Even in cities you can create the impression of relaxed beachside living by using driftwood furniture and shoreline-style accessories, and the look can appear surprisingly sophisticated.
Driftwood furniture ticks all the right boxes. Its weathered grain and sea-sculpted shapes can be stunning and, being recycled, it conserves resources and reduces waste — and homeowners love its evocation of a carefree summer by the beach.
Martin Scorey, a boat-builder by training, makes innovative furniture using traditional skills at his Southampton base. "I love using driftwood because it's tactile and evokes the weathered, windswept feel of the British shoreline. To walk along a beach after a storm collecting wood is just the inspiration I need to fashion it into a unique piece of furniture."
Scorey's throne-like chairs are made to order (from £250) and hand-decorated with shells, pebbles and rope. Tables in a variety of idiosyncratic shapes (from £280) and custom-made, decorative timber screens (from £600) are also available from his Shoreline Furniture collection.
Homeowners looking for less sculptural pieces can create the driftwood look with Scorey's glasstopped desks (£600), bedside cabinets (£140) and coffee tables (£250), made from sand-blasted Cedar of Lebanon. Bathroom and kitchen cabinets are custom-made in a similar style (from £110).
The marine theme can also be extended, indoors or outside, with decorative accessories such as green glass fishing net floats, whelk pots, driftwood flowers, shrimp nets and vintage pond yachts, all available online from Shoreline Furniture.
Surfing enthusiast Jonty Henshall started making driftwood furniture while living at Sennen Cove in west Cornwall. "If I find an interesting, discarded piece of wood I try to use it in a sympathetic way, creating sculpture, furniture and paintings that will capture its unique form forever."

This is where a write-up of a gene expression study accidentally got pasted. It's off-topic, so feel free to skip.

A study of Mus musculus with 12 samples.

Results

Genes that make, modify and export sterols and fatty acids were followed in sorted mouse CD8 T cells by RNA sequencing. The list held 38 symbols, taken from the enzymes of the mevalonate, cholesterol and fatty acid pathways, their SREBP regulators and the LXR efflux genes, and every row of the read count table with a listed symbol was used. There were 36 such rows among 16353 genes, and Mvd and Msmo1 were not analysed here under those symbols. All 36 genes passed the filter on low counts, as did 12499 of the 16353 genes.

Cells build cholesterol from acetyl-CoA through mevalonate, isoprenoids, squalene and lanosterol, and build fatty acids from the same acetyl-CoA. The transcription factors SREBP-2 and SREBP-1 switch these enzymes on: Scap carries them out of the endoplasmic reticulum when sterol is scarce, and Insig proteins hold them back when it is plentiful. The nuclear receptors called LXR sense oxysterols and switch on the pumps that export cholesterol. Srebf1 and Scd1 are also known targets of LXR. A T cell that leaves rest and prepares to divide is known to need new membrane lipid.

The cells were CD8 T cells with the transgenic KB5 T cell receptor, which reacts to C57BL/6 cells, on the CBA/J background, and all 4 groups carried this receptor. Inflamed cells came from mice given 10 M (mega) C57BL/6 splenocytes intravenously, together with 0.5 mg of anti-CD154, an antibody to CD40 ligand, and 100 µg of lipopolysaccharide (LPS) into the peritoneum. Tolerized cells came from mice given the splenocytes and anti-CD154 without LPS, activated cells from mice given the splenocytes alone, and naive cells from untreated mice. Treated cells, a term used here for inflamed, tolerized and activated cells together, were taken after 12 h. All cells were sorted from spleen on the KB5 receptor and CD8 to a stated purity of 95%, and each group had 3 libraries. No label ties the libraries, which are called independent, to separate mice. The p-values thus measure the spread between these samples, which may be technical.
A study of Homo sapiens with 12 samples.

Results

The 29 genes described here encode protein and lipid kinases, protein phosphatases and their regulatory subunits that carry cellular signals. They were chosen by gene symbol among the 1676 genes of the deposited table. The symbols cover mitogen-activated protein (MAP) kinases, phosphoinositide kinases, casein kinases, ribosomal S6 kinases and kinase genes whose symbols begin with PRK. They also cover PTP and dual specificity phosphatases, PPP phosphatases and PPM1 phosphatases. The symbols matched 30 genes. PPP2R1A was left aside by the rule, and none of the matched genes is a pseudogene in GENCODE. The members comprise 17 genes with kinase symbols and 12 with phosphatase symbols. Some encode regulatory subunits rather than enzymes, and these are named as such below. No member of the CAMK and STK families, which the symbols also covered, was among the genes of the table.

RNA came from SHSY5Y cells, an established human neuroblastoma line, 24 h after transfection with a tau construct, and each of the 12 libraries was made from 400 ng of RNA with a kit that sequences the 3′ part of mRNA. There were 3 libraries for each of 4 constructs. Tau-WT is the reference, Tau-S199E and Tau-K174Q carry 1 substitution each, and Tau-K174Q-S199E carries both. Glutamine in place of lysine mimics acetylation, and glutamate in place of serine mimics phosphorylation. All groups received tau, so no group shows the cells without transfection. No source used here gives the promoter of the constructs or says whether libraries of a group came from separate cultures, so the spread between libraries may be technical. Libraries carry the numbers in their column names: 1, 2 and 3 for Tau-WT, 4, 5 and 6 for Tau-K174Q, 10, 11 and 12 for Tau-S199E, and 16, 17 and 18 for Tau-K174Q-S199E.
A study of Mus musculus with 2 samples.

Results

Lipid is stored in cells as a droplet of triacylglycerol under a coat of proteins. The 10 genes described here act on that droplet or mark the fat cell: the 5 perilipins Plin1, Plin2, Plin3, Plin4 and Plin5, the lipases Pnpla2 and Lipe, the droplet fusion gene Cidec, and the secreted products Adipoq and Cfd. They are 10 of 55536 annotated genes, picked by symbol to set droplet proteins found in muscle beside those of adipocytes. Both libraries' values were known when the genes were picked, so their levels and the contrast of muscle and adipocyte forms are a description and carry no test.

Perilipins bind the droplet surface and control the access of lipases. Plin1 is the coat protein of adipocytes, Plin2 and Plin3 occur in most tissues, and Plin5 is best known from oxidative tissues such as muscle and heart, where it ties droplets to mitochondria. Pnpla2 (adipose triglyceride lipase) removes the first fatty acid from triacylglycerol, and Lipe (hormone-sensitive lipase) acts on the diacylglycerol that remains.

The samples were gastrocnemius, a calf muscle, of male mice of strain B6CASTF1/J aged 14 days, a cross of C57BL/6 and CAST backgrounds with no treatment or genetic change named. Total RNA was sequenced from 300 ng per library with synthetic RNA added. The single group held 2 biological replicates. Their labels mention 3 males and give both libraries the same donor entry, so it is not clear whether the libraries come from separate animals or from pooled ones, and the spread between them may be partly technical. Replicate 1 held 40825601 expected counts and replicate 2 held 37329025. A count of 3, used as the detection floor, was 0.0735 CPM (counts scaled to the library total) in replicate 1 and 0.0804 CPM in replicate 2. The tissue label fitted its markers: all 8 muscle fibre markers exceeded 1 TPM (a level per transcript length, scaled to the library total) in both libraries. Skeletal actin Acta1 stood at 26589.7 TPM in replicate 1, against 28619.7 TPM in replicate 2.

His made-to-order designs are available at Beyond the Sea in Padstow, north Cornwall, and online. Prices start from £120 for bedside tables, from £250 for coffee tables, from £350 for dressers and from £650 for beds.
One of the pleasures of living with driftwood furniture lies in knowing where the raw material washed up. David Holmes of Nautilus Design combines driftwood collected from St Peter's Bay in Essex with driftnet corks from Petershead in Scotland to create attractive mirror frames. Meanwhile the knotted trunks of birch trees washed up on a Pembrokeshire beach are cut into stubby lamp bases (£185 a pair) and topped with shades made from layers of hand-made, recycled paper pulp.
"It's a pretty perfect lifestyle, collecting driftwood from some of Britain's most scenic beaches, then taking it home to my workshop in Bedfordshire to make one-off designs," says David. "Wood can be a difficult material. Oak goes very hard in salt water and I've burned out many a drill bit and saw blade. And a nearly finished piece is sometimes ruined when you discover a soft spot is, in fact, a honeycomb of tunnels created by sea worms."
Holmes's Twig mirrors (£235) are painstakingly crafted from small, salvaged pieces carefully entwined in a wreath-like fashion, while artistic combinations of driftwood chips form the rays of his starburst mirrors (£235). He also makes cabinets (£145), lamps (from £145) and photo frames (£75). One of his latest pieces is a lamp made from driftwood twigs, bleached by the sun and sculpted into smooth, tactile shapes by the sea and sand. The twigs are arranged in a crown around an energy-efficient lamp that gives off a warm glow and creates interesting shadows.
Even mainstream producers are getting hooked on seaside style. Furniture manufacturer I&JL Brown makes a driftwood console table (£1,920) with subtly curved legs and driftwood floor-standing standard lamp (£495). The company also offers an antique deed box (£410) that could double as storage and a coffee table, the Wicked Ray sunburst mirror (£495) and Wavyline Ladderback armchairs (£360).
Not all shoreline flotsam is timber. The Tide chandelier created by London-based designer and photographer Stuart Haygarth measures nearly 5ft in diameter, and is created from debris washed up on the Kent coastline. Its myriad components range from clear plastic water bottles to sunglasses. Its visual impact relies on the sheer quantity of diverse objects massed together, but it is Haygarth's creative eye that allows the collage-like arrangement to work effectively as a single piece.
HOW TO GET THE LOOK
* Beyond the Sea, Padstow, Cornwall (01841 533588; beyondthesea.co.uk).
* Jacaranda Carpets: for stockists, call 01858 464144 (jacarandacarpets.com).
* I&JL Brown, 636 King's Road, SW6 (020 7736 4141; brownantiques.com).
* Nautilus Design (01525 874055; nautilusdesign.co.uk). Permanent display at The Bothy, Hexton Manor, Hertfordshire (07974 376347). Closed in August 2010.
* Shoreline Furniture, Calmore, Southampton (02380 663376; shorelinefurniture.co.uk).
* Stuart Haygarth (020 7503 4142; stuarthaygarth.com).